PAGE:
Previous posts in this discussion:
PostBoth Sides Should Be Heard (Nicholas Ruiz III, USA, 11/21/20 3:10 pm)
Thank you, John. I've read and appreciate all of the time and energy put forth by WAISers to share their thoughts on these and other matters.
Regardless of political affiliation (I've identified as No Party Affiliation, Green and Democrat at different times in life--I currently identify as NPA), my political lens is always non-partisan and issue-based, and policy ideas of merit I find are often available on both sides of the aisle, depending upon the issue at hand and its level of politicization. For example, the environment and oceans should be preserved, cared for and responsibly managed--but what that means in practice may be less than ideal from an excessively partisan point of view, which I do not support.
However, the election proceedings as we've witnessed lately in the USA are an absolute fiasco--and it's best to be informed about both sides of the case. Claims and issues are being raised which cannot be ignored. Most of what has been presented in mass media circulation are simply hit pieces, which are not journalism, and it's sad to recognize that such activity passes for news. The New York Times for example, has certainly produced some good writing in the past, but their work as of late is not representative of it. Much of it now reads like the work of embedded trolls.
If you haven't had a chance to watch the entire Giuliani press conference, you should try to make time to review it. There is information within it that is simply not being adequately recorded and reported, and at present forms the only basis for ascertaining what claims exactly are being made, none of which, if true, have anything to do with Trump (like or dislike him, but it's irrelevant), but rather, the electoral process in the USA. Summarily, the conference illustrates one side's case as they see it, which is not being responsibly reported by the mass media, which in itself is unacceptable.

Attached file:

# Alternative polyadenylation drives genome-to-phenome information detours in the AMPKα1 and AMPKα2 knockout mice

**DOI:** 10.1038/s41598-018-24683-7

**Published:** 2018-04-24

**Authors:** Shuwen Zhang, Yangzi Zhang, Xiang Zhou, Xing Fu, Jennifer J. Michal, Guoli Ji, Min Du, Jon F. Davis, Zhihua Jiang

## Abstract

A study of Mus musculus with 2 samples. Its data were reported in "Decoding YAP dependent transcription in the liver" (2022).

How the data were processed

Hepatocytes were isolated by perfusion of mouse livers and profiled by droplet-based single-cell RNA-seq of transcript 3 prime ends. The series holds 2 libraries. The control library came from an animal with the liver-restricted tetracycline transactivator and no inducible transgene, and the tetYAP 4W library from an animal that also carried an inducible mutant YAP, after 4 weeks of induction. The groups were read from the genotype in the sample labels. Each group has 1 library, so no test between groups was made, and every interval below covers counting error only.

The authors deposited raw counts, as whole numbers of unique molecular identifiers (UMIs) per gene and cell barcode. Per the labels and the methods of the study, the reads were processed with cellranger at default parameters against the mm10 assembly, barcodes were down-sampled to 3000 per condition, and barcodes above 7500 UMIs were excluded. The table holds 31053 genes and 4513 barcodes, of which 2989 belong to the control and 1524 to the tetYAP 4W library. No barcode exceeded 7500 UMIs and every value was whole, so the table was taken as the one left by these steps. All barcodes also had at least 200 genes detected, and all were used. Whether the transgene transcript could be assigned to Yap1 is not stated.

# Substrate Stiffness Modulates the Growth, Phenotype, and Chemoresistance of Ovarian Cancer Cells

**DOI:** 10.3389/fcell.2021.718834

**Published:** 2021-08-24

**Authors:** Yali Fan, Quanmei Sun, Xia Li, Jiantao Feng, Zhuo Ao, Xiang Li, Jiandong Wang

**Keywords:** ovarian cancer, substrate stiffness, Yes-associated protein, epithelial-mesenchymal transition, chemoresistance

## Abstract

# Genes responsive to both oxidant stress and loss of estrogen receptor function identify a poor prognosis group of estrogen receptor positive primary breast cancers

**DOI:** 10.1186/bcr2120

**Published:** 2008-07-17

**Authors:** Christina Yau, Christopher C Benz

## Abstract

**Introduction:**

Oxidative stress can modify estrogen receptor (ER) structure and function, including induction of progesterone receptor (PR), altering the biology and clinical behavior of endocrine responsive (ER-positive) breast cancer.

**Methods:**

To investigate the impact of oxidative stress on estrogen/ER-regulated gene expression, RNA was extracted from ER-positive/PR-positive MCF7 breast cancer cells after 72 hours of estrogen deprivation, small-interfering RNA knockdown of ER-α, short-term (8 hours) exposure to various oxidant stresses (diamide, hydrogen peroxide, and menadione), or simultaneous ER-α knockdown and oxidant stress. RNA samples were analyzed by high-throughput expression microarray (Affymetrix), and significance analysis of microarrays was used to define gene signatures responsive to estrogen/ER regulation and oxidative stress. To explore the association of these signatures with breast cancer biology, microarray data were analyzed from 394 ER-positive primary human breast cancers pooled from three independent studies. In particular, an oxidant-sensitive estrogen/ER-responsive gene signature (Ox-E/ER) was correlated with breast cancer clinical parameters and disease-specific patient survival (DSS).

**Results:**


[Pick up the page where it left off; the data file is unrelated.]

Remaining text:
I cannot offer a review, but do offer a recommendation that each side be given their proper time on the floor to speak and provide their best evidence, so citizens may hear and evaluate what they have to say; no more or less for either side.
JE comments: Certainly one should hear every side. But why is there an "other" side in this election cycle? One thing we can safely assume: 2020 was the first outcome in modern times to be contested with ample conviction and few facts, but it won't be the last.
Let's put it in another way: if Trump were a "normal" politician (think George HW Bush or Jimmy Carter), does anyone seriously believe he would refuse to concede the election?
Jimmy Carter's Premature Concession in 1980
(Edward Jajko, USA
11/22/20 10:03 AM)
In his comments on Nicholas Ruiz III's post of November 21st, John E asked if anyone seriously doubts whether a "normal" politician in Trump's position would have conceded the election by now. As examples, John cited Jimmy Carter and George HW Bush.
If I recall correctly, "normal politician" Jimmy Carter conceded to Ronald Reagan too soon, while polls in western states, on the highly populous West Coast, and of course Alaska and Hawaii were still open. The presidential contest had indeed been settled, but many voters in the West who were waiting in line, hearing of the concession, decided there was no point in voting on something that had already been decided, and left--affecting voting for other offices, propositions, etc.
JE comments: I remember 1980, seeing television interviews with California voters waiting to vote in an election that was already decided. Didn't the press make a pact after 1980, never to "call" an election until 8 PM Pacific (11 PM Eastern)? This is what happened, for example, in 2008. In '12, the AP waited until 11:38 PM.